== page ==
This morning I thought about that first Christmas after my mom died. 22 years later and only a single scene comes to mind. I am standing in the middle of our living room on Christmas morning and my dad walks in carrying a plastic Wal-Mart shopping bag in one hand while hiding his other hand behind his back.
“Merry Christmas,” he says and then hands me the shopping bag.
I open the bag and pull out a 12-month planner. “Thanks, Dad.”
“Okay, I need that bag back to wrap your next gift.” he says to me.
I hand him the bag and he briefly turns around and “wraps” another gift for me.
“Merry Christmas,” he says again and we repeat the scene.
This time, the gift I retrieve from the bag is a slightly larger 12 month-planner. “Umm, thanks, Dad.”
He reaches out to reclaim the Wal-Mart bag again and I hand it to him. I know the routine. Again, he turns around briefly and wraps my third and final gift.
It’s a leather-covered notebook with legal size yellow paper on one side and a giant solar calculator on the other side.
I’ve relayed this story to a few people in my life. It tends to come up during this time of year whenever I’m asked to share any unique gifts I’ve received. Until today, whenever I’ve felt prompted to share it, I’ve always left out what my dad did next…
“I didn’t know which day planner you would want so I got them both. Whichever one you don’t want I’ll take back and use.”
I can’t remember which one of the planners I chose to keep, but I do remember handing one back to him.
When I share this story, I’m not sure why I tend to omit the part about giving one of the gifts back. I guess because the whole scene is weird and I haven’t quite figured it out even after all these year.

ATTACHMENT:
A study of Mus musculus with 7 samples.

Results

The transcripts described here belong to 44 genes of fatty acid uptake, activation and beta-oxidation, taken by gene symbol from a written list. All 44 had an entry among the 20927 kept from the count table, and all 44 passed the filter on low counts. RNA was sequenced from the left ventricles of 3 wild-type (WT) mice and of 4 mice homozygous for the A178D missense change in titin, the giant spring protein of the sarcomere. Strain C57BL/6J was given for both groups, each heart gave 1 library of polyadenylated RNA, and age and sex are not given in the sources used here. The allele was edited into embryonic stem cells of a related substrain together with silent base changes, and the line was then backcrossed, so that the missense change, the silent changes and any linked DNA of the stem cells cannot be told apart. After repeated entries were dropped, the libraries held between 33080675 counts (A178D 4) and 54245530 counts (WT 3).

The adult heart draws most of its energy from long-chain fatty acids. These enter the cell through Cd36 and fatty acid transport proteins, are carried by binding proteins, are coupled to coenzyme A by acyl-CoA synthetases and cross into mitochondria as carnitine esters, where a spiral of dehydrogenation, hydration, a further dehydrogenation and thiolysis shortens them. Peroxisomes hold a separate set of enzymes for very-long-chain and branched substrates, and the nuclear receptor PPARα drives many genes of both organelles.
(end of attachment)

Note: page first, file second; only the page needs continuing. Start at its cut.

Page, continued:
As you might be able to gather from this story, my dad wasn’t in the habit of picking out gifts. My mom (thank the Lord!) was usually the gift picker outer and gift wrapper in the family. Since her death, I’ve received some unusual gifts from my dad. I would say the box of herbal vitamins and the jug of organic household cleaner rank up there as the most memorable. However, in his defense, he did get to a point where in between the bizarre gifts he would occasionally send one that made a little more sense…such as a gift card to a local restaurant. He would even “wrap” it up in a nice greeting card.
It’s interesting to me that this is the only memory I have of that first Christmas without my mom. And you know what? I’ve really come to appreciate and cherish this memory as weird as it is. It makes me laugh. This scene is so my dad. For me, this memory is a reminder that the loved ones in our lives aren’t perfect. They just aren’t. They will fall short. Yet, when they do, it is always our choice as to how we respond. And, I pray, each time I fall short (and I do on many occasions) the loved ones in my life will choose to extend me a little grace too.